Trade Center Arrest Raises More Questions
ALTHOUGH police have made an early arrest of a Palestinian allegedly involved in the World Trade Center bombing, many questions about the blast remain unanswered.
"What were the goals and motives of his group? Were they tied to politics in the Middle East or politics here?" asks Gregory Gause, a fellow at the Council on Foreign Relations in New York.
While all the suspects arrested so far are of Middle Eastern origin, some experts caution against trying to find a central foreign terrorism source, such as Iran or Iraq. It is possible that the individuals involved in the World Trade Center bombing were "freelancing," says James Bill, director of the Reves Center for International Studies at the College of William and Mary. [View from Arab world, Pages 2, 3.]
The police and Federal Bureau of Investigation continue searching for more participants in the bombing. On March 4, they arrested Mohammed Salameh, a Palestinian with a Jordanian passport who had overstayed a tourist visa and was living in Jersey City, N.J.
Mr. Salameh was nabbed after he tried to get a $400 cash deposit back on a rented Ford Econoline van. A computer analysis of bomb fragments turned up the van's identification number and led authorities to believe it was the vehicle used in the Feb. 26 bombing, which killed five people and injured more than 1,000. Police make progress
Over the weekend, police made still more progress, discovering bombmaking materials at the address Salameh listed on his rental-car form as his home. In addition, police discovered explosives material in a New Jersey locker rented to Salameh.
While police have released three men arrested last week in connection with the bombing, Ibraham Elgabrowny, an associate of Salameh, is being held without bail on charges of obstructing justice. He allegedly battled two FBI agents trying to arrest him and then plunged his hands into a toilet bowl to thwart explosive-tracing tests.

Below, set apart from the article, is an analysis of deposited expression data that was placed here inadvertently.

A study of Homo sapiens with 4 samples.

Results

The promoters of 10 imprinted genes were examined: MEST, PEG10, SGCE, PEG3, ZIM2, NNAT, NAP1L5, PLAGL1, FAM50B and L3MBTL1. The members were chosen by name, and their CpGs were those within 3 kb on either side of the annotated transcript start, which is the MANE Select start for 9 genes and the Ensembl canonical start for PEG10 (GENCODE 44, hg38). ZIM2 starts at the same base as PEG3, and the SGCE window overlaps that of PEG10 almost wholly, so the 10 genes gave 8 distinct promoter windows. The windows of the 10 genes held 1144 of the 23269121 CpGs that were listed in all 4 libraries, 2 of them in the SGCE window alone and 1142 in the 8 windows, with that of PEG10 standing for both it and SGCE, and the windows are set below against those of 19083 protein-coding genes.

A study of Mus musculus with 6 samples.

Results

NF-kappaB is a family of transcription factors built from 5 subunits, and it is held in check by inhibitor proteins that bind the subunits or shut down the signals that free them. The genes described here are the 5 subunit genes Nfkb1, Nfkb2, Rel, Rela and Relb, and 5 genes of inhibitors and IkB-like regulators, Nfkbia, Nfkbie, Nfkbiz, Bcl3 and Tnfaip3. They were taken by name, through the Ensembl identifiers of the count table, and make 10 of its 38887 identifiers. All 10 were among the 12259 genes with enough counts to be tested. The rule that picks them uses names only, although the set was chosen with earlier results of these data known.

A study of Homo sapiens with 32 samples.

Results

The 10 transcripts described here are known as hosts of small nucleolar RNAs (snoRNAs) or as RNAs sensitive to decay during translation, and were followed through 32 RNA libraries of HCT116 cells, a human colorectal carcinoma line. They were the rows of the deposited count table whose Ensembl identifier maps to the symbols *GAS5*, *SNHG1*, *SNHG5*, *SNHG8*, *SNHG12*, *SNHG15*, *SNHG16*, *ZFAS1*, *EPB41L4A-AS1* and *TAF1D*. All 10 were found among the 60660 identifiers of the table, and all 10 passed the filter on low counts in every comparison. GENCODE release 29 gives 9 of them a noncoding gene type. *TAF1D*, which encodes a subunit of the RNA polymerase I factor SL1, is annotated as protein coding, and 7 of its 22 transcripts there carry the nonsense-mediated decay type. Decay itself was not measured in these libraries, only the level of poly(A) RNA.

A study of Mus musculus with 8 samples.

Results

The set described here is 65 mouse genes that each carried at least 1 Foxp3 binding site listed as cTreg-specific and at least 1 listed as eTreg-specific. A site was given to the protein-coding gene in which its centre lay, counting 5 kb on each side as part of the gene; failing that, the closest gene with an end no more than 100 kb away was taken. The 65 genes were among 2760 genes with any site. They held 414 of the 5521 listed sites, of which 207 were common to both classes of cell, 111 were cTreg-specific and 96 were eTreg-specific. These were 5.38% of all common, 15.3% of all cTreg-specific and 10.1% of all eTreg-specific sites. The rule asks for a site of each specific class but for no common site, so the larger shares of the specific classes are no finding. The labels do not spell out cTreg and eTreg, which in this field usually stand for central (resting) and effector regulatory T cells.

Both Mr. Elgabrowny and Salameh are linked to a mosque in Jersey City. They are allegedly followers of Sheikh Omar Abdel-Rahman, a fundamentalist Egyptian cleric who called for the murder of President Anwar Sadat. Sheikh Rahman entered the US on a falsified tourist visa in May 1990, and the US government is now trying to deport him.
Police also will be probing the link, if any, between Salameh and El Sayyid Nosair, a former worshiper in the sheikh's mosque in Brooklyn and reportedly a visitor to the mosque in Jersey City. Mr. Nosair was convicted of weapons and assault charges connected to the 1990 slaying of radical Rabbi Meir Kahane.
Another worshiper at the Jersey City mosque was Ibraham El Gawli, an Egyptian-born travel agent who was arrested by US Customs officials in 1985. He has reportedly been released from prison after serving a sentence for trying to smuggle 150 pounds of C-4 explosives and other weapons to the Palestine Liberation Organization for use in Israel.
As investigators dig into the case, Mr. Bill says, they are likely to find it "a complicated mosaic that fades in and out and in which even the pieces are unclear and constantly trying to transform themselves kaleidoscopically."
The identification of physical clues, such as determining the type of explosives used, will be only one small part of the current investigation, says Brian Jenkins of Kroll Associates, a corporate security agency.
Mr. Jenkins says police probably will set up a complete duplication of the underground basement of the Trade Center. The mock-up garage, probably put together in a warehouse or airplane hanger, will look exactly as the actual Trade Center garage did just before the explosion occurred, he says. Parallel investigations
Parallel investigative paths, he says, will include "standard police procedures" - attempting to track the day-to-day operations of the people believed involved in the crime - as well as international intelligence work to determine how this particular bombing may fit into operations by terrorists abroad.
Key to whether or not police succeed in completely unraveling the case may be how well federal and local law enforcement agencies - including the FBI, the Bureau of Alcohol, Tobacco, and Firearms, and the New York City Police Department - work together. Part of the reason for the quick work in this case to date is that law enforcement agencies have been cooperating, knowledgeable observers say.
"Normally every department wants to grab the credit in a case like this. But this time, apparently all the agencies did work together, and very well," says a spokesman for the National Association of Chiefs of Police in Washington.